Collectibility: Is There a "Deep Pocket"?

May 30, 2017

 

When consulting with a new client about the possibility of bringing a lawsuit, this is always an important–and critical–question that must be addressed.  It’s no secret that lawyers are expensive; so the question on everyone’s mind through case assessment is going to be: “How are we all going to get paid?”

 

Many factors are looked at, including, primarily, the strength of your case in terms of liability, as well as the full extent of your damages.  But even if your case for liability and damage is fantastic, you still don’t have a case if you cannot hold a “deep pocket” responsible for paying on either a judgment or a settlement.

 

The “deep pocket” is often an insurance company.  This is usually the case in most car crash lawsuits.  After all, we’re all legally required to have auto insurance in order to drive a vehicle.  Other lawsuit types that might implicate an insurance company include construction lawsuits, premises liability lawsuits, and even employment lawsuits.  However, there are numerous other types lawsuits where insurance is far less likely to come into play.

 

Disputes between business owners or basic breach of contract lawsuits generally don’t involve insurance carriers.  Typically, neither do defamation lawsuits (although some homeowner policies may cover this) or lawsuits regarding intentional torts like wrongful interference with contract or unfair and deceptive trade practices.  Where this is the case, you and your lawyer must carefully assess whether the opposing party has the capability of paying a large settlement or judgment.  This automatically rules out many ordinary, every-day folks.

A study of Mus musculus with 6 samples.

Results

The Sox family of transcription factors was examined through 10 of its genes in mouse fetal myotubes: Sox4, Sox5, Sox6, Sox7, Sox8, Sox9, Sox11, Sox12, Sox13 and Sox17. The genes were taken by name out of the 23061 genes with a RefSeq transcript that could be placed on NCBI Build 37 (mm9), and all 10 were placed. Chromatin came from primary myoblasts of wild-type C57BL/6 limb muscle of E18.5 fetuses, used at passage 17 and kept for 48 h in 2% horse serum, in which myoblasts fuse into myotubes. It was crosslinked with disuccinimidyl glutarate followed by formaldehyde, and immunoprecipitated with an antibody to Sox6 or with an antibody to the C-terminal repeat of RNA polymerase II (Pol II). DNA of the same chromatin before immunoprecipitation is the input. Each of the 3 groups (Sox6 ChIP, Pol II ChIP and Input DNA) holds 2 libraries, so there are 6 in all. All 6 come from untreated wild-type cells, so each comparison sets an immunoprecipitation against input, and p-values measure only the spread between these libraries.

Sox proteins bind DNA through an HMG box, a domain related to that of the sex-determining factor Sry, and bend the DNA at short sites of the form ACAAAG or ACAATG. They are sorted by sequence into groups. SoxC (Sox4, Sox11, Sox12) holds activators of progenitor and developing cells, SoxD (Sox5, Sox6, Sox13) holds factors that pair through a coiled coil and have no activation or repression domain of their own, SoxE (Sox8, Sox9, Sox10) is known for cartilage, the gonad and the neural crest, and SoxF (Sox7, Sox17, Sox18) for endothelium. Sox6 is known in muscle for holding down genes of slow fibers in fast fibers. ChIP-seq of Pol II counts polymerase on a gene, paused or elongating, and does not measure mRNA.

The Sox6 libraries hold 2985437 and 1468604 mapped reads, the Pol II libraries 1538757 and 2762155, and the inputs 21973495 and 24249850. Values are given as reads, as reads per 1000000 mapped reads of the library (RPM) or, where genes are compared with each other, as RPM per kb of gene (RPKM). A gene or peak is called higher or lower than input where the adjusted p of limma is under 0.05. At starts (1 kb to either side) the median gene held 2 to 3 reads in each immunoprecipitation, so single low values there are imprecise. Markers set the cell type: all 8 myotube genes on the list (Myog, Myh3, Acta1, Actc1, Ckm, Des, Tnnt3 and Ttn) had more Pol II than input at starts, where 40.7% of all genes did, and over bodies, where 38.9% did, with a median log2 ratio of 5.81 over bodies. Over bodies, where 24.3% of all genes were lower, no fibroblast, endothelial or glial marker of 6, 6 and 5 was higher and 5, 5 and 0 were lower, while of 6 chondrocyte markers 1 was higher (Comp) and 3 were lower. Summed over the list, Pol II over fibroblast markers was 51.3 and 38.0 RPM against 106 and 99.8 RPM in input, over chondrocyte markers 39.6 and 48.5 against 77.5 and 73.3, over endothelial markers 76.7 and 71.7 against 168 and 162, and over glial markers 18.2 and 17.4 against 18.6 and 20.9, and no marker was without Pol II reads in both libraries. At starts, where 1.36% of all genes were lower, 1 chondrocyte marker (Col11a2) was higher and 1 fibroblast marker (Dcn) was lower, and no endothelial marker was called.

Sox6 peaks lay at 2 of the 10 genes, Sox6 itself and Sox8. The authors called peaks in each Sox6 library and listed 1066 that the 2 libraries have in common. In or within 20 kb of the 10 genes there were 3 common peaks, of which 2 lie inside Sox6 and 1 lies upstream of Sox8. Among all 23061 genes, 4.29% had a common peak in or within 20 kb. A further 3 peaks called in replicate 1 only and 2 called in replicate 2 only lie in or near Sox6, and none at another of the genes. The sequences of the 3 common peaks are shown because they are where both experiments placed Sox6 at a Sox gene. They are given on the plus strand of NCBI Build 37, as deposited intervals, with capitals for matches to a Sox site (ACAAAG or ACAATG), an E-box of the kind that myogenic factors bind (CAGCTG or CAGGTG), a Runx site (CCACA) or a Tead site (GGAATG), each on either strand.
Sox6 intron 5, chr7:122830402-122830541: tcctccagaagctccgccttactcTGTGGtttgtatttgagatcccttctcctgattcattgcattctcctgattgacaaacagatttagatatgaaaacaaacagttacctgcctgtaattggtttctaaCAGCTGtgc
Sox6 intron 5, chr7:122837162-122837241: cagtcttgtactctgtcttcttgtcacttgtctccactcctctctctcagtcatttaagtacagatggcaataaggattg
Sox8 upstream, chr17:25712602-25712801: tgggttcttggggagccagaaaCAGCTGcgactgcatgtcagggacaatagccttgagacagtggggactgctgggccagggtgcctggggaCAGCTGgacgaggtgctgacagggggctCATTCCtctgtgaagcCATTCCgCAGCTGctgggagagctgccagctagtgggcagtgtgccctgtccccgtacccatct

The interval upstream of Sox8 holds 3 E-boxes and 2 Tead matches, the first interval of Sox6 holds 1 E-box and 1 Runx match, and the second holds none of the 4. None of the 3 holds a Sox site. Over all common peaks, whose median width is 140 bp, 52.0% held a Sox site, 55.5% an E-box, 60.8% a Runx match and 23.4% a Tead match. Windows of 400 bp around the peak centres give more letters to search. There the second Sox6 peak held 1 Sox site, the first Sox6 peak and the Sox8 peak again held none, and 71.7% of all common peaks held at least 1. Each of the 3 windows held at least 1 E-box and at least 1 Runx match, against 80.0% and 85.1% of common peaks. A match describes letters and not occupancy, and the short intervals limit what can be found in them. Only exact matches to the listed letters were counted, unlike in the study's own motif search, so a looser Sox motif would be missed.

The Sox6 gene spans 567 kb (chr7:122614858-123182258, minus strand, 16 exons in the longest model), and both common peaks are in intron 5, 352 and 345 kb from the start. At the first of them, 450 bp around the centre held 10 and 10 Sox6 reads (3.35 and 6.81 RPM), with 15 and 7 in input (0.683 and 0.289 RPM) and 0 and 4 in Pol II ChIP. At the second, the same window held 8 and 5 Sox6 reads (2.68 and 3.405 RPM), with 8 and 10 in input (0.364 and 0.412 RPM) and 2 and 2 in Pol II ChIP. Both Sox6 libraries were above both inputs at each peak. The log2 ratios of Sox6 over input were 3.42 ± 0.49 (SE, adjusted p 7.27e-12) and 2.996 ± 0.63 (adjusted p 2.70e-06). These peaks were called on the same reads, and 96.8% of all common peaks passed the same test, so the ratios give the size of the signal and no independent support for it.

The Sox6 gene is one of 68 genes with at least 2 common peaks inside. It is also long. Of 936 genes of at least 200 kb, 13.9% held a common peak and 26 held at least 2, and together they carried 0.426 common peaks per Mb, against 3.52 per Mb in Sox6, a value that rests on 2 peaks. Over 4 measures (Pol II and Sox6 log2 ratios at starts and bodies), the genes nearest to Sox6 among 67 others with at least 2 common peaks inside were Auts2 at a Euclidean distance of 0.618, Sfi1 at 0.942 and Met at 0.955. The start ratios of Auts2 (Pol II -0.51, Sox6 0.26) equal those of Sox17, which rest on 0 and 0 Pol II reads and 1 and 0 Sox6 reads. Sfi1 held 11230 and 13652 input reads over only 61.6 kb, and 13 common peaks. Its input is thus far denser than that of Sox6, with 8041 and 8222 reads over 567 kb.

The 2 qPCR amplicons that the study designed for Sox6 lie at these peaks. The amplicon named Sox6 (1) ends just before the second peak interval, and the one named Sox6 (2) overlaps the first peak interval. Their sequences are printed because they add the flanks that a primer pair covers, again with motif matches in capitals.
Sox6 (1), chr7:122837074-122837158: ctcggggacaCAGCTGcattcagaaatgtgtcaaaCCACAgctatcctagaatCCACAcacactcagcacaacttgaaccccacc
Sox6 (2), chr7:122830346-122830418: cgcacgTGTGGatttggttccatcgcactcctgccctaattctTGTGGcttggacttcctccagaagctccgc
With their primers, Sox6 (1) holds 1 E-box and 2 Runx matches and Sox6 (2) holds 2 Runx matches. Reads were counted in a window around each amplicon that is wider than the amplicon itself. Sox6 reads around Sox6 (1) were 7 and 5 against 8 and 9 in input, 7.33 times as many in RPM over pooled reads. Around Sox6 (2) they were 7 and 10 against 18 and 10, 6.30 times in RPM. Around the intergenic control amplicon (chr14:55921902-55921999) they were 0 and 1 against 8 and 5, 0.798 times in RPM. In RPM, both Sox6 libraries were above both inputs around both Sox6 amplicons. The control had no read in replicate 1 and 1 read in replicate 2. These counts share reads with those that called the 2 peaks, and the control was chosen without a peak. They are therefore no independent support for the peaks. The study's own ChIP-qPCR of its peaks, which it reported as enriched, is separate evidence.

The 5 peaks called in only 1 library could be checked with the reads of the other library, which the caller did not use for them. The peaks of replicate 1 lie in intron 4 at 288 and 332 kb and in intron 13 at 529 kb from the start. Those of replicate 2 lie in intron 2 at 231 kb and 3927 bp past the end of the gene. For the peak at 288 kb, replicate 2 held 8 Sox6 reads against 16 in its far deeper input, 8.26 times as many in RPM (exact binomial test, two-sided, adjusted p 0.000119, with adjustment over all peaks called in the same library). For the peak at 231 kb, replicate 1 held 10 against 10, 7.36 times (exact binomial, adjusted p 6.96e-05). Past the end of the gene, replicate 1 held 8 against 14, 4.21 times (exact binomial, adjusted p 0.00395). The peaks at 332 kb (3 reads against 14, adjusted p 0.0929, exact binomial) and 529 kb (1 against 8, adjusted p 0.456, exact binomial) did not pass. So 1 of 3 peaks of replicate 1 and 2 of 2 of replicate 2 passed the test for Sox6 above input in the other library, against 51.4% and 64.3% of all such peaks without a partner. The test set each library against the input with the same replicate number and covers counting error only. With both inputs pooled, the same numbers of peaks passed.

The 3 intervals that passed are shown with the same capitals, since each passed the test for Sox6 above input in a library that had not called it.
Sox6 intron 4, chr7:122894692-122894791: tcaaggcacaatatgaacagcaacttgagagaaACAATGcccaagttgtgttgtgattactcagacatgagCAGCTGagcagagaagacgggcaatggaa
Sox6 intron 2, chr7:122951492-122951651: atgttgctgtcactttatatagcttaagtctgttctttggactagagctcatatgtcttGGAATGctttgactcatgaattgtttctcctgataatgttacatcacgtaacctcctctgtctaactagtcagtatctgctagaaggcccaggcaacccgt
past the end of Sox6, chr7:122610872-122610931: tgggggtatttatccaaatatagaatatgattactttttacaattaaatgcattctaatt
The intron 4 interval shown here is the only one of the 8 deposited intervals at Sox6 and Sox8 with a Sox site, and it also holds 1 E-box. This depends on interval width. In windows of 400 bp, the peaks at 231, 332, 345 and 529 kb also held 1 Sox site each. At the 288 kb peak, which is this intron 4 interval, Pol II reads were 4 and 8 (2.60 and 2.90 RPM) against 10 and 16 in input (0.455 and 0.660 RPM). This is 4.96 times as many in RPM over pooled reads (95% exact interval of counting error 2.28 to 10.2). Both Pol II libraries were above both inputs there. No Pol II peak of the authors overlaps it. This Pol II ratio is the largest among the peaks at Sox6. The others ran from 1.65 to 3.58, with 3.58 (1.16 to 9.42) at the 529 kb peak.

On the other hand, some lawsuits may be worth pursuing, even if there is no large payout in damages at the end.  For some, there may be a deeper, intrinsic value to standing by your work product in pursuing a collection, or in perhaps obtaining a declaration by the other party that they were wrong.  Such lawsuits can prove expensive to pursue, and it’s up to the plaintiff to decide if they want to pour the time and resources into such a matter.

 

As you can see, there are a multitude of factors that must be carefully considered with every lawsuit that gets filed.  The collectibility of damages is merely one.  If you have a potential lawsuit on your hands, and need the experience and expertise of a seasoned litigator, you should give Asheville Legal a call today.